Los Angeles Los Angeles County firms in the private equity, venture capital and investment banking sectors were involved in some of the largest and most noteworthy deals in the U.S. last year.
Among those was the $6.9 billion sale last May of Chicago-based Tribune Media Co., a portfolio company of downtown-based Oaktree Capital Management, which was No. 4 on the Business Journal’s list of the top 44 private equity firms in L.A. County ranked by assets under management.
The area last year also saw its largest initial public offering, as Venice-based Snap Inc. raised $3.4 billion to set a new local mark.
The year was particularly stellar for local private equity firms based here. The 44 on the Business Journal’s list this week increased their assets under management by 22 percent in 2017, for a total of $141 billion (list starts on page 12).
Century City-based Ares Management held its No. 1 spot with $25 billion under management, followed by No. 2, Sawtelle-based Leonard Green & Partners, which saw its assets leap 64 percent to $23 billion year-to-year. Kayne Anderson Capital Advisors moved up two spots to No. 3 by almost doubling its assets from the year before, and now manages $22.7 billion in assets.
“What I’ve seen across the L.A. market is that you continue to see private equity firms get larger and larger,” said Adam Feit, Los Angeles market president for Union Bank.
There were some big money moves for liquidity and some large reloads last year.
Top-listed Oaktree Capital sold almost $12 billion of its portfolio, including the $4.4 billion sale of Ohio-based food producer and distributor AdvancePierre Foods Holdings Inc. and the $967 million sale of Tembec Inc., a paper company in Montreal.
Beverly Hills-based Platinum Equity, ranked No. 5, closed a $6.5 billion investment fund in March 2017 from more than 200 limited partners in 28 countries, the company said.
“Our expanded access to capital combined with investments we’ve made in recent years to grow our team has opened doors to more opportunities. We closed more than 20 acquisitions last year across a broad range of different industries,” Mark Barnhill, partner at Platinum told the Business Journal via email.
He expects 2018 to be a good year too.
“That momentum has carried through this year and we’ve already completed eight new acquisitions in the first quarter,” he said.
Union Bank’s Feit said he has noticed an L.A. trend of executives leaving big firms and starting their own companies.
Examples include Brentwood-based LightBay Capital, formed by former Ares Management employees; Sawtelle-based Solace Capital, founded by former Oaktree employees and Nolan Capital Inc. in Hermosa Beach, which was started by former Leonard Green employee Peter Nolan.
Investment banks, which generally don’t disclose deal volume dollars, saw a 10.6 percent year-over-year leap in the number of employees licensed by Financial Industry Regulatory Authority Inc., or FINRA, a nonprofit federally-authorized oversight agency (list starts on page 17).
Houlihan Lokey, No.1 on this week’s list, grew its number of licensed bankers more than 9 percent to 132 in 2017, and increased its deal-making 7 percent to 281 last year. No. 2, Moelis & Co., with 51 licensed bankers, expanded by 4.1 percent while Duff & Phelps leaped four spots on the list to No. 3 by increasing its bankers’ ranks 33 percent to 28 bankers. All three companies are based in Century City.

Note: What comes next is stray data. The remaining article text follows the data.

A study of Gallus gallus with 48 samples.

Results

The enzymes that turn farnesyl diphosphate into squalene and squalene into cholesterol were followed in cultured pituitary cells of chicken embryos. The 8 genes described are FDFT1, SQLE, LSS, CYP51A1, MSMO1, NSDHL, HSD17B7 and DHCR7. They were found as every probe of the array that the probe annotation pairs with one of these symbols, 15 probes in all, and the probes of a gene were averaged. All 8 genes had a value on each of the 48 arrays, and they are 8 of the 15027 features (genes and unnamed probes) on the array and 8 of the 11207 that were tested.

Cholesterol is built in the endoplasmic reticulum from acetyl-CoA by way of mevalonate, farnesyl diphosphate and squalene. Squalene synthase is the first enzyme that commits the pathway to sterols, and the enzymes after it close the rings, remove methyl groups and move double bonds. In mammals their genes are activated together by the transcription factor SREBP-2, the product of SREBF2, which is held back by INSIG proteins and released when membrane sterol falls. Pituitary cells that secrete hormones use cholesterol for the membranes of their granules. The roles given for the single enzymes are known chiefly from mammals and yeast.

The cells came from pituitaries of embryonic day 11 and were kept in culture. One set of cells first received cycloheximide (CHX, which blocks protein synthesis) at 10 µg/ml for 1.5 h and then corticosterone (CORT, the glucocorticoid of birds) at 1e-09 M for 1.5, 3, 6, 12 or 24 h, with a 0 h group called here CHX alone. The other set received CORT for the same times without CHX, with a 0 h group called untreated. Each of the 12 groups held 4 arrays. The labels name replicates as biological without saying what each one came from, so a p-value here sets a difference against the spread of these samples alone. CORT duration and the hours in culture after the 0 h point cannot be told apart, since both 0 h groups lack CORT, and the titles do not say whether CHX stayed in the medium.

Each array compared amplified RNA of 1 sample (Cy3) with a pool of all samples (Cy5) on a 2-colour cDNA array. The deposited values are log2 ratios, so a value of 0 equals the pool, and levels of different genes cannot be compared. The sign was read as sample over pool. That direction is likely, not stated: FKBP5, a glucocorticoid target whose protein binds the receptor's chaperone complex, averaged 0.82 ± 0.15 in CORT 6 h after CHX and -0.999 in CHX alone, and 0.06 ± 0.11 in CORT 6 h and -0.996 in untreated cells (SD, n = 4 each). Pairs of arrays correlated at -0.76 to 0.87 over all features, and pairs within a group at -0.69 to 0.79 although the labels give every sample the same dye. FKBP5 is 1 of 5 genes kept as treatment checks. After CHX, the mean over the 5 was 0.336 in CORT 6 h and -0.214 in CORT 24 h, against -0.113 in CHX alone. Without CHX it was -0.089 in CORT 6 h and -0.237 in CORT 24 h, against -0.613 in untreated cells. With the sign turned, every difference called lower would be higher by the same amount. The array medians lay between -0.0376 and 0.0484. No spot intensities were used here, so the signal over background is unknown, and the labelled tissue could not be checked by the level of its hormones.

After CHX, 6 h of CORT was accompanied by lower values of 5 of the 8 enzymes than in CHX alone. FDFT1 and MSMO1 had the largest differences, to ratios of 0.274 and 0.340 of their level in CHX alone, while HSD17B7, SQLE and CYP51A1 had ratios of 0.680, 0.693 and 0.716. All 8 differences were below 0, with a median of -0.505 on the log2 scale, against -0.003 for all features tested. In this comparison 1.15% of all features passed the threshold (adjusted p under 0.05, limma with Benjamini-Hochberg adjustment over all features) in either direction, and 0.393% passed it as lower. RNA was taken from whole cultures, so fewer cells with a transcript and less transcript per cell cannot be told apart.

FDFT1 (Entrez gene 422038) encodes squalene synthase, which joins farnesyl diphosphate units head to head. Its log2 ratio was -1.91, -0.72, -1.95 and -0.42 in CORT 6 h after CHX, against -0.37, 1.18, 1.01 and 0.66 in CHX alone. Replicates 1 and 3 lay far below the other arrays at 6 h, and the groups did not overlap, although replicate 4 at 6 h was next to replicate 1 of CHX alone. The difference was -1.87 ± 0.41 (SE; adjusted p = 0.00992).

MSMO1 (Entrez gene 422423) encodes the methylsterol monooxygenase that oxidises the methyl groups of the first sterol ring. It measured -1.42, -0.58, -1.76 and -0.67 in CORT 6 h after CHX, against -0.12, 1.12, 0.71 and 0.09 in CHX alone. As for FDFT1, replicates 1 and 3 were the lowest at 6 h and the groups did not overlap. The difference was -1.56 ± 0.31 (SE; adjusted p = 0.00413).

“2017 was the year of the strategic buyer,” said Lloyd Greif, chief executive at downtown’s Greif & Co., ranked No. 20 on the list with 12 licensed bankers. “Last year we saw a record breaking stock market, there was synergy. It brought up the valuation of the strategic buyer, positioning them better. Here at my company, we were able to get them to outbid private equity firms.”
The amount of capital under management for venture capital firms in Los Angeles grew 12 percent year-over-year in 2017, according to the Business Journal’s list (list starts on page 21). However, for the second year in a row, the sum of venture capital dollars invested into L.A.-area companies fell 8.6 percent to $3.2 billion from the year prior, according to a report by Dow Jones VentureSource released in January.
Compare that to 2015, the region’s best year for venture capital funding, when companies raised a total of $4.17 billion.
Investment into the L.A. area remains healthy despite the year-to-year dip among local VC firms, Jeff Grabow, U.S. venture capital leader at Ernst & Young, told the Business Journal earlier this year.
Santa Monica-based Upfront Ventures, No. 1 on the list, grew 25 percent after launching a $400 million fund which closed last June. The firm now has $2 billion in capital under management.
“We are excited about our existing portfolio,” said Greg Bettinelli, partner at Upfront Ventures. “I can tell you that we’re thinking of investing half of what we have, $1 billion, into Southern California businesses.”
Some companies Upfront has funded include Santa Monica-based Ring, makers of home security products, and acquired by Amazon.com Inc. in February in a deal estimated to be worth $1 billion. Bettinelli said that L.A.’s venture capital ecosystem has evolved over the last five years or so.
“We’ve seen several big companies emerge like Snapchat (Snap Inc.), (Space Exploration Technologies Corp.) and Ring,” he said. Because of that, talent is also staying in the area, he added.
“For years we’ve had good talent that was schooled locally leave for the Bay Area or New York but now they are staying back because there is opportunity.”